Panelists cite keys for renewable energy
Whether it's buying an electric car or converting a gas-powered car to run on electricity, or participating in an Xcel pilot program to save energy and money, consumers want to pay the same or less for renewable energy, according to participants Tuesday morning at the Boulder County Business Report's CEO Roundtable on Smart Grids & Alternative Transportation.
For example, many Xcel Energy customers were disappointed to find out that they saved just 75 cents to $1.50 while participating in a pilot program to save energy, said Andre Gouin, Xcel Energy Inc.'s business technology consultant managing the company's Electric Vehicle and Smart Grid pilots. Customers who participated in the pilot program in Denver agreed to measures including having their air conditioners or refrigerators cycle less frequently during peak power demand time.
"Customers are willing to change their behavior when given a price (goal)," Gouin said. "But there's only so much we can adjust the price. There's not enough room to make a dramatic impact."
One positive example of cost savings, several participants said, is that electric-car buyers seem to be willing to pay more for their new cars, knowing that they will pay less for the electricity it takes to drive the cars than they would for the same amount of gasoline.
Alfalfa's Market grocery store in Boulder offers a free electric-car charging station for example, said John Gartner, research director at Navigant Consulting Inc. (NYSE: NCI) in Boulder, formerly Pike Research LLC. Electric cars, which make up 1 percent of all cars in the United States, can "charge up" for free at about 200 free charging stations around the state, most paid for with federal and state grants, Gartner said.
On the negative side of the incentive equation, a $7,500 government rebate to convert gas-powered cars to electricity ended Dec. 31, said Paul Guzyk, owner of Boulder Hybrid Conversions LLC in Boulder. The company went from about 23 car conversions in one month to zero the next month, Guzyk said.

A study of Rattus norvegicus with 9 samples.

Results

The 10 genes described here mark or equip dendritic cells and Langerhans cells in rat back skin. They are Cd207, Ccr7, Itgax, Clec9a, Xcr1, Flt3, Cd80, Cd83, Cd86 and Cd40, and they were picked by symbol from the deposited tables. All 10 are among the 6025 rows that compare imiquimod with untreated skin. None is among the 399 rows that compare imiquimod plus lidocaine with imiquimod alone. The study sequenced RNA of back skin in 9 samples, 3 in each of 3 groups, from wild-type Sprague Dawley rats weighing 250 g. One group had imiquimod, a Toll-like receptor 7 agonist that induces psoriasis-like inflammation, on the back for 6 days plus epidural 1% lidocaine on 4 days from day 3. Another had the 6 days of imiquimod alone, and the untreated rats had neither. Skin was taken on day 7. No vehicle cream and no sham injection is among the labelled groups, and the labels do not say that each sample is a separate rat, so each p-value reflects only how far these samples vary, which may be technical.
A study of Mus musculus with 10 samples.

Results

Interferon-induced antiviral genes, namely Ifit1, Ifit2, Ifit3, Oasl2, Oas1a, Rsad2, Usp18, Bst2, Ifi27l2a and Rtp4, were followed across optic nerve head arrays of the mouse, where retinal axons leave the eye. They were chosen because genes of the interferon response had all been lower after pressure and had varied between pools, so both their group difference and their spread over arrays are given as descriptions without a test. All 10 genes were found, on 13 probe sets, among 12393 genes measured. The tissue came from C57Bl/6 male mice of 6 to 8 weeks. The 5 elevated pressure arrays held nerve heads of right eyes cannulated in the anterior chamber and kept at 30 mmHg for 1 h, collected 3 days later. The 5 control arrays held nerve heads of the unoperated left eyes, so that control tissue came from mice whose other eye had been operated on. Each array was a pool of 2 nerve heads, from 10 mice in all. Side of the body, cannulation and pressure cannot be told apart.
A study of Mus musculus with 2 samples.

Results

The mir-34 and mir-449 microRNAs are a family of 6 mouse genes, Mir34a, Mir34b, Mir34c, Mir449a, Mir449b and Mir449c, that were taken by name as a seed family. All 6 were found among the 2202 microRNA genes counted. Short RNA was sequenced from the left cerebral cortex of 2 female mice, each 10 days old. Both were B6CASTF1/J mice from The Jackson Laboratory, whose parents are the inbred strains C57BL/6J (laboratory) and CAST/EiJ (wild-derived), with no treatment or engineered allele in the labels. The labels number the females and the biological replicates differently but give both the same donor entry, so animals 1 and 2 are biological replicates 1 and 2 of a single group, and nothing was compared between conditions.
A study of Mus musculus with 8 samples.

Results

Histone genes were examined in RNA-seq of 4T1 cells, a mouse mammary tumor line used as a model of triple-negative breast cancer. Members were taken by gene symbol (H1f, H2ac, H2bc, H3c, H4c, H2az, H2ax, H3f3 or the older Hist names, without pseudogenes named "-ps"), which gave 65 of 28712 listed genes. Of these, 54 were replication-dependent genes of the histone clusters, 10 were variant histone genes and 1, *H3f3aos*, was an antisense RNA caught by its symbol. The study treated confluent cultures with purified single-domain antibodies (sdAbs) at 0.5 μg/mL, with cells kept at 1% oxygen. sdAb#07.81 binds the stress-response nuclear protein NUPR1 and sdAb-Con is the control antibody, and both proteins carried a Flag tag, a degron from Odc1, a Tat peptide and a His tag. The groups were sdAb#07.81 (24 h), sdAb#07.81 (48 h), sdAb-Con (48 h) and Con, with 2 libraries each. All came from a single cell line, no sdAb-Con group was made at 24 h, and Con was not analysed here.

Volatility of government-incentive dollars continues to have a negative effect on companies across the renewable-energy industry, said Andy Paliszewski, director of wind research and development a Siemens Energy Inc.'s office in Boulder. A wind-energy tax credit expired at the end of 2012, putting people out of work across the nation, Paliszewski said.
"Wind is approaching (price) parity with fossil fuels," he said. "But what we need is a predictive legislative climate."
Zam Energy LLC in Longmont looks for the chance to use feed-in tariffs on projects, said Erin Geegan Sharp, founder and chief executive of the renewable-energy development company. Feed-in tariffs, another government incentive, are designed to support investment in renewable-energy projects. As such incentives support more electric-vehicle charging stations and other related projects, American consumers will change their habits, Geegan Sharp said.
"It's the culture of 'charging' that America is going to start to experience," he said. "It's the adaptation of charging in a public environment."
In addition, retailers can benefit in the future by offering charging stations, said Charlie Olness, sales director at eGauge Systems LLC in Boulder, a company that manufactures meters that provide more information about power usage.
"It's a new behavior," he said. "The companies that get it and can provide it will attract business."
Homer Energy LLC in Boulder looks for places where renewable-energy projects can make money without government incentives - usually developing countries and islands, said Peter Lilienthal, chief executive of the company. Homer Energy's software can help make wind power and other renewable-energy sources operate more efficiently with an existing power grid to save money, Lilienthal said.
Places that burn oil to make electricity, such as a native village in Alaska where two wind turbines were installed in a Homer Energy project, usually are good candidates for the software, Lilienthal said.
"These odd places in the world are places where the renewables are going to be 60 to 70 percent of the grid. It's possible with smart-grid technologies, but it ... changes the way the systems operate," Lilienthal said.
Law firm Berg Hill Greenleaf & Ruscitti LLP in Boulder and certified public accounting firm EKS&H PC's Boulder office sponsor the CEO Roundtables.